The front lawn of city hall was the only site proposed for overnight camping as a solution to the growing number of outdoor homeless camps in Terrace at a June 21 council committee of the whole meeting.
The report presented to council by city manager of social development Linda Stephens comes amid safety concerns about the potential for overdoses, fires and vandalism at makeshift outdoor camps elsewhere.
Firefighters and other emergency personnel have already responded to one fire this year — a June 15 blaze at an encampment on city property near the CN railway tracks adjacent to the old Skeena Bridge.
Coun. James Cordeiro said a spot should be designated as quickly as possible and he supports the idea of using the city hall lawn. “I don’t want us to have a location that’s out in the middle of nowhere that’s going to cause a lot of problems. ”
He said while it might not be the best place it is close to the ambulance station, the fire hall and the RCMP detachment.
Cordeiro stated waiting too long could result in more problems once encampments become entrenched in less desirable places. Cities like Prince George now have camps where people live full-time.
Coun. David Gordon countered that the front lawn of the RCMP station “is much more open and has fewer assets on it” than the front lawn of town hall, which he described as fairly well occupied.
As it is, the city is preparing to install one of four covered bike shelters it has purchased for $223, 650 on one section of the front yard.
Terrace chief administrative officer Kris Boland said it’s a “really difficult conversation” that boils down to whether or not the city wants to be proactive and maintain an element of control or be reactive when it’s already too late.
“I think the particular sentiments around the department head table were very similar to Coun. Cordiero’s comments. Is city hall the best place? No . But we couldn’t come up with a better one, ” Boland mentioned.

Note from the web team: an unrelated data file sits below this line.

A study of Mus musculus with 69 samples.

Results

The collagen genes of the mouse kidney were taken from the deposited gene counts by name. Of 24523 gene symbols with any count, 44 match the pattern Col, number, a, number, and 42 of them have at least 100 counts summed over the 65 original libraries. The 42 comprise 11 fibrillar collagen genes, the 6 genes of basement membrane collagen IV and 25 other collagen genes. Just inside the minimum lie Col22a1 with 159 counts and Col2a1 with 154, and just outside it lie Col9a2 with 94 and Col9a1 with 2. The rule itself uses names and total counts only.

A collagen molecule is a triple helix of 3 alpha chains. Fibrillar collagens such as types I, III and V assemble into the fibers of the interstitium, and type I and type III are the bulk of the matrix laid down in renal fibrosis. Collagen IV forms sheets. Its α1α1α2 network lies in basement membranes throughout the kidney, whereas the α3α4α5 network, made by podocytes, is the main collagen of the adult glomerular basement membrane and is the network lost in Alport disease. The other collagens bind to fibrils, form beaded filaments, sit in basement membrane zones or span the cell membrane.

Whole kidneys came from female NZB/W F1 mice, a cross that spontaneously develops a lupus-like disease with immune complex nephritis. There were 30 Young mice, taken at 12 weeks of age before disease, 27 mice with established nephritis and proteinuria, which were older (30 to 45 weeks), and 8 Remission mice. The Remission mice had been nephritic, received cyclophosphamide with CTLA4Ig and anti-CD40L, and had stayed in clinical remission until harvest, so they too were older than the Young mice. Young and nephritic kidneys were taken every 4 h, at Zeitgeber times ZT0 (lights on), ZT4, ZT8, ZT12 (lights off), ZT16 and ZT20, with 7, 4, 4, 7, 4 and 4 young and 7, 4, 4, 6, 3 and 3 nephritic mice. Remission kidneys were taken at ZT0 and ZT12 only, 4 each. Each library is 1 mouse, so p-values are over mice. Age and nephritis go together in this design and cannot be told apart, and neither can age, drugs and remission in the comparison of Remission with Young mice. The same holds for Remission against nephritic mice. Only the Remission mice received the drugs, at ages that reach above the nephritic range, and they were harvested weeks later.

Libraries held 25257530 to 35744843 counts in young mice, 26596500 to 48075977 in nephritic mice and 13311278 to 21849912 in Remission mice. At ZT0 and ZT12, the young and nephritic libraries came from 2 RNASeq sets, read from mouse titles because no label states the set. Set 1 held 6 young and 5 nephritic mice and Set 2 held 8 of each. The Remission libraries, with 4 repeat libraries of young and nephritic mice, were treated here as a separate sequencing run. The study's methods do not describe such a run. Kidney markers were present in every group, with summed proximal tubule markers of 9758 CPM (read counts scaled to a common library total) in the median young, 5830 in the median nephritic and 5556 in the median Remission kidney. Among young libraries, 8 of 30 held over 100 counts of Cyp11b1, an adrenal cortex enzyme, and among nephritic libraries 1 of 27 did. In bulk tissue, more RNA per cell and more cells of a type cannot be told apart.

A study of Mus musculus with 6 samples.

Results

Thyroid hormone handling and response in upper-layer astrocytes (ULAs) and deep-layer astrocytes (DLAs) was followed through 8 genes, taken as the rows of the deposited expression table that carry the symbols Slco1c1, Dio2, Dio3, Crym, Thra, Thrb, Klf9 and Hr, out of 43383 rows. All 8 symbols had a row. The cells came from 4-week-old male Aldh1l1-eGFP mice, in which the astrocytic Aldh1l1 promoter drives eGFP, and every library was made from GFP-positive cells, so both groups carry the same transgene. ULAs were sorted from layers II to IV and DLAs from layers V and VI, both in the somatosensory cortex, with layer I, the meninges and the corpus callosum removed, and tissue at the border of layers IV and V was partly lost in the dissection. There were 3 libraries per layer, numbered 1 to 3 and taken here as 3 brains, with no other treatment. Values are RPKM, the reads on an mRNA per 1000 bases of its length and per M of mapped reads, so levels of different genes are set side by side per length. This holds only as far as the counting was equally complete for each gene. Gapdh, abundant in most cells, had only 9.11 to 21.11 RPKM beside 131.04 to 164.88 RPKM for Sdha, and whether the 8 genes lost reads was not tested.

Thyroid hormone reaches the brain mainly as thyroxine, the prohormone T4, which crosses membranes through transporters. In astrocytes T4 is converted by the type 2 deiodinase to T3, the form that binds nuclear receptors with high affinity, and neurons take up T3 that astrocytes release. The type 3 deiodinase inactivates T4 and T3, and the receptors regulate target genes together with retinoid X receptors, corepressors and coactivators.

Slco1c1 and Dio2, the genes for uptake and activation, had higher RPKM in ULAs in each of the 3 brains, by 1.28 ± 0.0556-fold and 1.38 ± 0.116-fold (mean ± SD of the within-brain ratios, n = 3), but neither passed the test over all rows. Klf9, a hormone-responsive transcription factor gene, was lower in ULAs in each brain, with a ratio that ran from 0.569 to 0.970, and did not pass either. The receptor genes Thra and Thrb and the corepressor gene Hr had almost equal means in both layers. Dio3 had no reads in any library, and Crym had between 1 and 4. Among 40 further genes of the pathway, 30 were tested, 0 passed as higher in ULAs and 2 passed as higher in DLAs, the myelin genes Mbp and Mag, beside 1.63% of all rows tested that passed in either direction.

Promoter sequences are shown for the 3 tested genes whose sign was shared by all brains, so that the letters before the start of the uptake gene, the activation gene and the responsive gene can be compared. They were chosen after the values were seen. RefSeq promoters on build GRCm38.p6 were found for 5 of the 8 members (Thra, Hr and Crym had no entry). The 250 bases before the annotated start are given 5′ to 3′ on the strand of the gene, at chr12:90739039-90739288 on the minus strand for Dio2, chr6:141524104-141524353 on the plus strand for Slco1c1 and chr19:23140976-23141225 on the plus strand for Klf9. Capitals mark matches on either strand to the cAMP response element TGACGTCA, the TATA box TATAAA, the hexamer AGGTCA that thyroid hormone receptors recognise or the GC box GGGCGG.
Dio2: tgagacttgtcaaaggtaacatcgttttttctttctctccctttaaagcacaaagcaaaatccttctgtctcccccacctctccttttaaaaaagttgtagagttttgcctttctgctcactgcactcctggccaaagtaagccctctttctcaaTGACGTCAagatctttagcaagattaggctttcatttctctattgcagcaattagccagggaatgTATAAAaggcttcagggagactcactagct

“If you don’t designate it then all public realms are fair game. ”
Stephens described a mixed model approach in which people would slowly move to space made available by the city. Options include designating a single location or more than one.
Community safety officer Liam Nutma suggested people would first be encouraged to use available indoor shelters. People with no other choice would be directed to the outdoor space and given a set of rules to follow while there.
The city’s bylaw enforcement policy now seeks to move camps if they are in visible spots, where there are open fire and other safety concerns, if garbage accumulates or in case stolen items are found.
That approach has been criticized as “shuffling individuals around town, ” Stephens said.
Court rulings now prohibit municipalities in B. C. from banning camping if people cannot find shelter elsewhere.
Cities can, however , decide where to allow camping and can stipulate that shelters can only be set up at night and removed the next morning.
Stephens said designated areas have the benefits of washrooms, waste receptacles, containers for needles once used to inject drugs, conduct guidelines, daytime storage of goods and possessions, security plus paid workers encouraging residents to leave during the day.
City development director David Block said he could easily see costs for the above approaching $10, 000 a month, rising to more than $100, 000 a year.
Coun. Sean Bujtas said the issue is a provincial responsibly and residents might not support higher municipal taxes to pay for those services.
While no decision was reached at the June 21 meeting, city officials are asking senior governments for money to keep its community safety officer employed, to expand the number of rented porta-potties it has stationed around the town and to increase day storage for campers.
The report points to a need for more engagement, and discussions between different levels of government to prevent homeless camps, to support appropriate housing and the complex needs of vulnerable people.
Cordeiro also proposed making the outdoor location “as spartan as possible” so that it deosn’t become an attractive alternative to an indoor shelter or a ‘magnet’ for people from around the northwest.
Block said staff deosn’t yet know how many people would be allowed to camp in front of city hall.